Study Suggests Azithromycin Associated With Heart Death Risk


Azithromycin may be linked to a greater risk of cardiovascular death, according to a recent study.


The use of a common antibiotic, azithromycin, may be associated with an increased risk of cardiovascular death and noncardiovascular death, according to a recent study.

This retrospective cohort study, published in JAMA Network Open, included 2 large, diverse, community-based integrated care delivery systems that captured encounters and prescriptions from 1998 through 2014.1

The study included more than 7.8 million antibiotic exposures, including azithromycin and amoxicillin exposures for outpatient use.

The cohort included nearly 3 million patients ranging from 30 to 74 years old who had at least 12 months of health-plan enrollment prior to antibiotic exposure.

The investigators found that azithromycin was associated with a significantly increased hazard of cardiovascular death (a hazard ratio [HR] of 1.82) but not sudden cardiac death (HR, 1.59), within 5 days of exposure. However, they did not find any increase risk of cardiovascular death 6 to 10 days after exposure.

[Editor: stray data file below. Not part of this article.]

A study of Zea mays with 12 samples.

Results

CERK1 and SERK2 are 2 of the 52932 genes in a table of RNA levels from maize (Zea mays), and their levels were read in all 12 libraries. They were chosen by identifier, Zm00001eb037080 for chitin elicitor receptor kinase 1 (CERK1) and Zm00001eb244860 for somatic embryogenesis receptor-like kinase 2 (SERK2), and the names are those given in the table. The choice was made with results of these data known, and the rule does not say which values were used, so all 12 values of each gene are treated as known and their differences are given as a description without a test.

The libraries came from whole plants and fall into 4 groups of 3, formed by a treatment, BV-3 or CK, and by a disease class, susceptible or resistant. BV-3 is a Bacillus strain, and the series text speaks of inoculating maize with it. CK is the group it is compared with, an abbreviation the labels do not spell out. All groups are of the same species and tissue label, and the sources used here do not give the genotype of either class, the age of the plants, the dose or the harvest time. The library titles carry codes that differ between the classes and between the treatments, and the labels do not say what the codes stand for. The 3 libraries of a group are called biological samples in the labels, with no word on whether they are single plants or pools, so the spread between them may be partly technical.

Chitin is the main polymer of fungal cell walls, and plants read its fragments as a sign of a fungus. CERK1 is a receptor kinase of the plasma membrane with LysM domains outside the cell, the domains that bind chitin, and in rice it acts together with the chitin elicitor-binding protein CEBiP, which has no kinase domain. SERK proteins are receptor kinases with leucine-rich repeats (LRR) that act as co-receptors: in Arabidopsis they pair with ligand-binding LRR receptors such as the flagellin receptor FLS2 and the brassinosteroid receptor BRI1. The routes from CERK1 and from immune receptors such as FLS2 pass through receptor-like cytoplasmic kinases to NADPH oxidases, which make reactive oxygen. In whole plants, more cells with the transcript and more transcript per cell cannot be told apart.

They found similar results in patients within the top decile of cardiovascular risk (HR, 1.71). Azithromycin was also associated with an increased risk of noncardiovascular death (HR, 2.17) and all-cause mortality (HR, 2.00) within 5 days of exposure.

“Although these analyses cannot establish causality, prescribers should be aware of this potential association,” the study investigators wrote.

Cardiac arrhythmias have been reported for clarithromycin and azithromycin, the investigators pointed out. Macrolide antibiotics, as a class, are known to cause QT prolongation in some at-risk populations.

“In most of the case reports of macrolide antibiotic use and cardiac arrhythmias, patients had other factors that put them at an increased risk for cardiac arrhythmias, including underlying cardiac disease (ie, bradycardia, congestive heart failure, baseline QT prolongation, cardiomyopathy, atrial fibrillation, and myocardial ischemia), metabolic anomalies that increase the risk of arrhythmia (ie, hypokalemia, hypocalcemia, hypomagnesemia, and hypoxia), or concomitant use of other medications known to prolong the QT interval,” the investigators wrote.


1. Zaroff J, Cheetham C, Palmetto N, et. al. Association of azithromycin use with cardiovascular mortality. JAMA Network Open. June 17, 2020.